Probably, Nanny McPhee Returns because we don’t need her but then also we don’t even want her.
White’s babysitting is less caring and more parodical than the previous ones. From the concept to the frame by frame screenplay, each scene of this sequel is extracted from the original one, on terms of creativity it is a big joke and unfortunately it is not even funny. And the new elements that are theirs, is actually weaved out from the first one and is spoofed by the makers whose agenda for people pleasing theory is to draw as much as laughter as you can. What was considered magical in its first installment, in here it is converted in a big powerful wand that defies logic and sense.
Wherever and whenever the writers were cornered by themselves in their self created situation, they either laugh their way out of it or use magic to get out of it. The undercooked characters feeding themselves on over chewed emotions pretty much gives away the integrity of this wholesome family melodrama in its initial stages. But despite of all these cons, it is still supremely watchable as a family popcorn time and the reason is the obvious silliness that is pointed out in here. Surprisingly, the antagonist Ifans is flat out hilarious along with Smith whose comic timing is bang on your bucks.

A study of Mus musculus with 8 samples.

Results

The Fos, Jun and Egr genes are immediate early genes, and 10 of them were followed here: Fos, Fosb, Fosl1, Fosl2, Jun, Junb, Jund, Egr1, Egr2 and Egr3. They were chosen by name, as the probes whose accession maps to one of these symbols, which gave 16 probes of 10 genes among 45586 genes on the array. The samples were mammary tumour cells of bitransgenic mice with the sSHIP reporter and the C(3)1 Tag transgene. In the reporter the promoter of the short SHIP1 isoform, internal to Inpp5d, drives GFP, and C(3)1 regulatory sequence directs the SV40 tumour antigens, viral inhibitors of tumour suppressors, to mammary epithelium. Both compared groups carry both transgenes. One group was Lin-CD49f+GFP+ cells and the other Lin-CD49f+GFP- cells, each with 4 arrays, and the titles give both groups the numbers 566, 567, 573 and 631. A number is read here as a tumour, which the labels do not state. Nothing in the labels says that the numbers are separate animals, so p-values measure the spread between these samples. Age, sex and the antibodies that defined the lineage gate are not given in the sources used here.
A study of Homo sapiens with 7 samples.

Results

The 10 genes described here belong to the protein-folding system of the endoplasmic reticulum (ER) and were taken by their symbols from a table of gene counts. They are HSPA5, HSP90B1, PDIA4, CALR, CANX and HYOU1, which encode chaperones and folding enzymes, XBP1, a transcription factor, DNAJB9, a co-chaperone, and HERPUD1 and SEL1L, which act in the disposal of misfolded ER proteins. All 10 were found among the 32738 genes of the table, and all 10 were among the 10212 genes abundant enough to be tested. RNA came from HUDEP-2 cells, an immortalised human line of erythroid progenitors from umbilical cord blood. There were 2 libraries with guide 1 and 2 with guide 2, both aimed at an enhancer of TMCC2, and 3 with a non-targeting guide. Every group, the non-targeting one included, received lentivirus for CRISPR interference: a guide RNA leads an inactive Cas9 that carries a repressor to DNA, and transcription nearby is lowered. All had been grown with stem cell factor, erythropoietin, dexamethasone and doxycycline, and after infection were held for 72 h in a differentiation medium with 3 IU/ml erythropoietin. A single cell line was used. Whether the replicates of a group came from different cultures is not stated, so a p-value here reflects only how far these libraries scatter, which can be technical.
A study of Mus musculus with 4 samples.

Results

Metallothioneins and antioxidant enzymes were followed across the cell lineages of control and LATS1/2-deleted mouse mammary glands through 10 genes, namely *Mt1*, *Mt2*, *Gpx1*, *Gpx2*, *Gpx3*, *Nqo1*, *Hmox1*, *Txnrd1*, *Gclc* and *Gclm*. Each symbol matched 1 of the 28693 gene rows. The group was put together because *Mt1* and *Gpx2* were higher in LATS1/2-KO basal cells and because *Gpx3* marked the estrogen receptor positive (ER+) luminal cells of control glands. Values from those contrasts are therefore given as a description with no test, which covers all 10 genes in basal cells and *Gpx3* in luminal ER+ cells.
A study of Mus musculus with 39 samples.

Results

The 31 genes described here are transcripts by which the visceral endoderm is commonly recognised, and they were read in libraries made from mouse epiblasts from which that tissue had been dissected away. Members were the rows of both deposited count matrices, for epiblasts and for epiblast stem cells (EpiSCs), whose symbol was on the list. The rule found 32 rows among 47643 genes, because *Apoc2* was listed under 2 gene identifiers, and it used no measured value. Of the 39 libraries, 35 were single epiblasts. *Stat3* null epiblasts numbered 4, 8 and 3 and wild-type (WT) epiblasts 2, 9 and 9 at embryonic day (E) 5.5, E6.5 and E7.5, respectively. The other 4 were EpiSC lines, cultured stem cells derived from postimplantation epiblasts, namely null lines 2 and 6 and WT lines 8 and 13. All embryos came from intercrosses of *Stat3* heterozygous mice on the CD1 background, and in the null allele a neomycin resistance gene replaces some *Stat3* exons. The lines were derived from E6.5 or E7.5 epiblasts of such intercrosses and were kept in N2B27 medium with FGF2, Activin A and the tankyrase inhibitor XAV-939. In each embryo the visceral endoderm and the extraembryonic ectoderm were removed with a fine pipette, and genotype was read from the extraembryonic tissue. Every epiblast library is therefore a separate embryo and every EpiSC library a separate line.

Unfortunately Thompson as McPhee- small “c”, capital “P” -is enjoying too much of herself to breed the sincerity out of her role. Gyllenhaal, as always, holds onto her role tightly is the surprise package that stays true to her role thoroughly. One of the best bits of the film is Fiennes in his strict ironed army suit that elevates the momentum of the drama for a brief period. Probably, Nanny McPhee Returns because we don’t need her but then also we don’t even want her.